CHRISTMAS is a time to socialise, go out drinking and meet up with friends and family. The Thames Valley Police, however, will be spending their time tackling crime and keeping people safe at one of the busiest times of the year.

In just one 9-5 day a policeman could act as a child carer, marriage councillor or even a support worker and this is something they have to balance due to the high demand and pressures they face.

When I arrived at Loddon Valley Police Station on November 12, I got to experience being in the back of a police car while sergeant police constable Chris Weston was responding to real life situations.

Whilst driving to the location to arrest someone, I knew that if the situation got serious, I would have to exit the vehicle and find a way back to the office.

It was eye-opening to see how one minute, the police will be out attempting to arrest someone and the next, trying to locate a missing person. It was intense, seemed rather hectic and made me realise my day isn’t as stressful as a police officers’.

Analysis by the House of Commons Library shows 2,156 officers resigning in 2016. Since 2010, a total of 11,670 police officers quit their jobs due to the increase in workload and pay cuts.

PC Chris Weston told me: “When I joined, I saw myself doing this for 30 years and had no intention to go elsewhere but in the last few years with everything going on like budget restraints, cuts on shifts.”

Sergeant Police Constable Dave Keenan was also happy to share his experience of being a police officer, He said: “A lot of the time it’s a fascinating job, it is positive because it changes lives and makes a difference to people in crisis.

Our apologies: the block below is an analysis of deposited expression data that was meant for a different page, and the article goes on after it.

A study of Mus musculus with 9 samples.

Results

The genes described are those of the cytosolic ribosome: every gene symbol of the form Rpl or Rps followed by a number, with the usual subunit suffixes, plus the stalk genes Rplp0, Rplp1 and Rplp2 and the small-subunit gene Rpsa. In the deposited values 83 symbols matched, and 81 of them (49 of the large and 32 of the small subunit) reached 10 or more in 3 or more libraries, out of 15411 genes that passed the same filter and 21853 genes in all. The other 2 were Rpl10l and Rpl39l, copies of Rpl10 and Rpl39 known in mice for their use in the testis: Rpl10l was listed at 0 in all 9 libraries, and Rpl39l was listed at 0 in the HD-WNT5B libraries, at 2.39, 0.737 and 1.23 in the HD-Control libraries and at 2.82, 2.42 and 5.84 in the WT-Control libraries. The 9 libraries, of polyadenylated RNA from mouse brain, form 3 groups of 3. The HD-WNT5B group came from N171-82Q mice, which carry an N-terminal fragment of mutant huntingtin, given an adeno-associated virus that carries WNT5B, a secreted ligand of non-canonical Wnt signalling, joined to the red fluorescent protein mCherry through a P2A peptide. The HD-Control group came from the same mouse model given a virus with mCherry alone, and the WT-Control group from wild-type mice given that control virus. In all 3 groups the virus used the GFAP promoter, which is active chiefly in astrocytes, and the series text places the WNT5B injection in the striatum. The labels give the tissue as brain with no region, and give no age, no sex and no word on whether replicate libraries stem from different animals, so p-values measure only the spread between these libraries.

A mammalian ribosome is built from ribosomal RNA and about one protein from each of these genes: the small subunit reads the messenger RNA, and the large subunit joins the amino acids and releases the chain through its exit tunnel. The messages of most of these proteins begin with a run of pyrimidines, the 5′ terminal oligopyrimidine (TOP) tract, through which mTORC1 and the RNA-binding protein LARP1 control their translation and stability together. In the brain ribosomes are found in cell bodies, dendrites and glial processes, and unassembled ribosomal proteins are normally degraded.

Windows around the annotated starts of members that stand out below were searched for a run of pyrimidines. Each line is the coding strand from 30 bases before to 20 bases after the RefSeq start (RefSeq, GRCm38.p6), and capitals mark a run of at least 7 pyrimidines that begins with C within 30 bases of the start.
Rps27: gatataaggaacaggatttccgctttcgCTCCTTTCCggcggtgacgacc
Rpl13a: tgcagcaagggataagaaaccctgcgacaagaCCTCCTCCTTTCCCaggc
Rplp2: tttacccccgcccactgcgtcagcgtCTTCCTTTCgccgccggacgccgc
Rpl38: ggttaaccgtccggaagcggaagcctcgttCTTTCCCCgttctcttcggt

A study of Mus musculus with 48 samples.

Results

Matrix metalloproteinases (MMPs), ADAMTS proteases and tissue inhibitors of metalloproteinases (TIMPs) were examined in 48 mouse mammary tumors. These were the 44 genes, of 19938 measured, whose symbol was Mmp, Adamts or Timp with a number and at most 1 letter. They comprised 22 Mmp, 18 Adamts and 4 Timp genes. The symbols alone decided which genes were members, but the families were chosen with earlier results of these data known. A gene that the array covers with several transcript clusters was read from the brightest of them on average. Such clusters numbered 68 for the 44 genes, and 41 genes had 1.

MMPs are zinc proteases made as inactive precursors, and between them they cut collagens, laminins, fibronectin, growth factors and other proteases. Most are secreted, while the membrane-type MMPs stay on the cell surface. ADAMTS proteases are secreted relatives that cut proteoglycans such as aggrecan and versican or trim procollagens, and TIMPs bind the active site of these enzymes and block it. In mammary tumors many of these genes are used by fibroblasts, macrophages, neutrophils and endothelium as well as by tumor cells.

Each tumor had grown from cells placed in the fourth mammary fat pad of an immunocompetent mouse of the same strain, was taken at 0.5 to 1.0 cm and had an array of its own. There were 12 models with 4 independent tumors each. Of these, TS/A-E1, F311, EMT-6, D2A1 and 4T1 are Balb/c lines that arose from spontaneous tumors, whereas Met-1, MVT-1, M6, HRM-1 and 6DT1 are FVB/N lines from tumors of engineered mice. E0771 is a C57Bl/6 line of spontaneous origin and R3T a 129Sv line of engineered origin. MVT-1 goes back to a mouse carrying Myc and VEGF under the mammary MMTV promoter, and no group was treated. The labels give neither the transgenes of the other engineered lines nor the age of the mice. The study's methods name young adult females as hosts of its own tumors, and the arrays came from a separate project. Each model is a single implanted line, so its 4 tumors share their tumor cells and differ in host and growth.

“The reality is that we are here to do a job and keep people safe.”

It is clear to see that so many police officers are needing additional help and support. Police funding has fallen by 19 per cent since 2010 and officers number have decreased by more than 20,000 making this one of their toughest times.

PC Chris added: “I have noticed the stretch, we are definitely busier, but it gets to a point when you are coming home late and it starts to impact at home.

“Luckily, my wife’s Dad was in the police force and so she is well used to the strains and how it can affect me.”

When it comes to dealing with the ins and outs of the job, PC Chris told me that being a support network for the public is the biggest increase during the festive period.

He said: “We certainly deal with mental health this time of year and work with South Central Ambulance Service to help assist when there isn’t 24-hour support for people in crisis.”

To help ease the strain on the police, the public are urged to be more vigilant and alert with burglaries, after its recent ‘Winter Burglaries campaign’ advising people on preventative measures.

This is just one way the public can help make the lives of police officers easier and support their on-going battle with the changes being made to their service.